The income tax cap being considered by the House this week would put public investments at risk and is likely to force policymakers to raise other taxes to meet growing needs in the near term.
Last summer, the Fiscal Research Division provided a 5-year forecast of the state’s fiscal position that took into account the state’s growing population and the cost of delivering just current service levels to more people over time. Their findings were, that in Fiscal Year 2019-2020, North Carolina policymakers would not have the revenue to deliver the same diminished services to future populations. Even under revisions to revenue collections next year, this finding holds.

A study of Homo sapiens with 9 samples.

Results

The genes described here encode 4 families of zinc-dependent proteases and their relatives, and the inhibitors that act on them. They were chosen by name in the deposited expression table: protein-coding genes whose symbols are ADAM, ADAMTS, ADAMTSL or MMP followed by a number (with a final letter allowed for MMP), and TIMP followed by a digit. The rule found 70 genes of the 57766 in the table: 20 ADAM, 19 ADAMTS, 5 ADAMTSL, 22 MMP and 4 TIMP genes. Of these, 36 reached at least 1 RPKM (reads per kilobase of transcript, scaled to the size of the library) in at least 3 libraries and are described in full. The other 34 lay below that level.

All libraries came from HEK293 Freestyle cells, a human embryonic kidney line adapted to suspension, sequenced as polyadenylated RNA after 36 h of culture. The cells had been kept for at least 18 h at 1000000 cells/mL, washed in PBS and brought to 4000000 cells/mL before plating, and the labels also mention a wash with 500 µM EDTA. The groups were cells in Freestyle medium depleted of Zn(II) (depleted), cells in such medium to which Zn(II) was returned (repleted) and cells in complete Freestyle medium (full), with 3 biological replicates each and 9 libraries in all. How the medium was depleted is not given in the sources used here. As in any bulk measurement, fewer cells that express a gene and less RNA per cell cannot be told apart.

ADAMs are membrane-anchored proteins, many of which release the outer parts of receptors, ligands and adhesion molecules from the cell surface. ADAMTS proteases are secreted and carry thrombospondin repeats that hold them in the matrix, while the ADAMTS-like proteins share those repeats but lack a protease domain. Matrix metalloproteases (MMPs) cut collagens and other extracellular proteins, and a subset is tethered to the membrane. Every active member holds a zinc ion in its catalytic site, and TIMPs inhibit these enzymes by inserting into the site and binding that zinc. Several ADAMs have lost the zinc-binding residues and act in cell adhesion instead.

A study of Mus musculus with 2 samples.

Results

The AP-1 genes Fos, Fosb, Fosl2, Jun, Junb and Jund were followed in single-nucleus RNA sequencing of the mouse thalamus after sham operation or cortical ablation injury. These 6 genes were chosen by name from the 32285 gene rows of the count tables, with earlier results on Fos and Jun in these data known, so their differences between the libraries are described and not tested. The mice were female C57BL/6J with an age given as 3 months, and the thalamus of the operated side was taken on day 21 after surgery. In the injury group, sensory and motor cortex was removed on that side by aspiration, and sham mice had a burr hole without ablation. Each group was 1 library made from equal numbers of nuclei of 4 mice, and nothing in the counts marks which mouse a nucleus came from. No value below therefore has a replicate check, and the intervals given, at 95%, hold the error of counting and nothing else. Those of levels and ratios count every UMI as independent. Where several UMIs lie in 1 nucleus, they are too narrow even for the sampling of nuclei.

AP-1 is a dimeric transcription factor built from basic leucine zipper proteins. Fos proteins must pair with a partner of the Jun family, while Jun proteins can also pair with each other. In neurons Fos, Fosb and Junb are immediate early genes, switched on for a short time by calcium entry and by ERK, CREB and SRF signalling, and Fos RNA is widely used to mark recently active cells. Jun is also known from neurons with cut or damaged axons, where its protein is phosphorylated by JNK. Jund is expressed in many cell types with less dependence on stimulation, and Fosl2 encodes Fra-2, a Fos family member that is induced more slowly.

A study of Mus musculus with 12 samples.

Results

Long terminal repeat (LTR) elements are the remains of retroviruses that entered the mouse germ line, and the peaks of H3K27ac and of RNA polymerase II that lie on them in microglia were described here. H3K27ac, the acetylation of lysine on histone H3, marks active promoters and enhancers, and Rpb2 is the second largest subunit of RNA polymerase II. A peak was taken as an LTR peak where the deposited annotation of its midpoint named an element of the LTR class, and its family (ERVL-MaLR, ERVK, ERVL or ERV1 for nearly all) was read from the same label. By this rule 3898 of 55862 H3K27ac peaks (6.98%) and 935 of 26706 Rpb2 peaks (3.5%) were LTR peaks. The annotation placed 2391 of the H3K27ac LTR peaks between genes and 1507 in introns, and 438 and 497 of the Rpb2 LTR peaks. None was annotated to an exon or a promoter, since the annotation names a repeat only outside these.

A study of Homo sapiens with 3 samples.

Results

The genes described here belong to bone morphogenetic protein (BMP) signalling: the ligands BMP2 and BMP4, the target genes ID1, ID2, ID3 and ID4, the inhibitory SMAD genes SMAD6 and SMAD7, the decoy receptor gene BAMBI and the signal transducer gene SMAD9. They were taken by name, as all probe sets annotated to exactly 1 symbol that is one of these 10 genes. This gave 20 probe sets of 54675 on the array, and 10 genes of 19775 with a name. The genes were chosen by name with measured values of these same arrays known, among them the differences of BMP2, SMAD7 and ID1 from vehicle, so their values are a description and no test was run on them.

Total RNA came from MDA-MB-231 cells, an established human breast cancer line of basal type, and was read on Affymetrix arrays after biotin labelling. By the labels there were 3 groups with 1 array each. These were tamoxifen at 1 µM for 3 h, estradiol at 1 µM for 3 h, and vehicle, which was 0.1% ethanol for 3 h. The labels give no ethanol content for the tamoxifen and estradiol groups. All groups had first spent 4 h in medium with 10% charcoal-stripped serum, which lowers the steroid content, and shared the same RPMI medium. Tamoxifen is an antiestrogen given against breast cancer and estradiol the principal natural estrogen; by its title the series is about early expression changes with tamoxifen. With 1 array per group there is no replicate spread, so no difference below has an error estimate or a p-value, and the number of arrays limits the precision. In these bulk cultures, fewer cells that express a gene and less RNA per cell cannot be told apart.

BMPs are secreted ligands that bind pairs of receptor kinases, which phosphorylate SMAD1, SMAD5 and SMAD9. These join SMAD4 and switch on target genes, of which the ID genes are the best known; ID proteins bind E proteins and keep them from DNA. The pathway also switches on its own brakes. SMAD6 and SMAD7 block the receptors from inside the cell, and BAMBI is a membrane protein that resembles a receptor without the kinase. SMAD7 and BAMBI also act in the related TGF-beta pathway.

The state’s current tax code, resulting from the tax cuts since 2013, and growth still slow relative to historic performance is primarily to blame. An income tax cap now would lock in the $2.6 billion in annual revenue loss from these tax changes since 2013 and make it more difficult to make decisions that responsibly balance the state budget.
The near term prospect of state policymakers raising revenue is real. It is not hypothetical.
Indeed, in the briefing of House Finance on the bill, the Senate sponsor made clear that many other taxes could be raised should the state need to meet growing needs—franchise taxes, sales taxes and more. He also made clear that many deductions or credits could be gotten rid of, including reductions or elimination of the standard deduction.
The income tax cap is not about holding taxes low for everyone. It is about limiting the tools available to future policymakers and locking in the income tax cuts that have primarily benefited the state’s wealthiest taxpayers.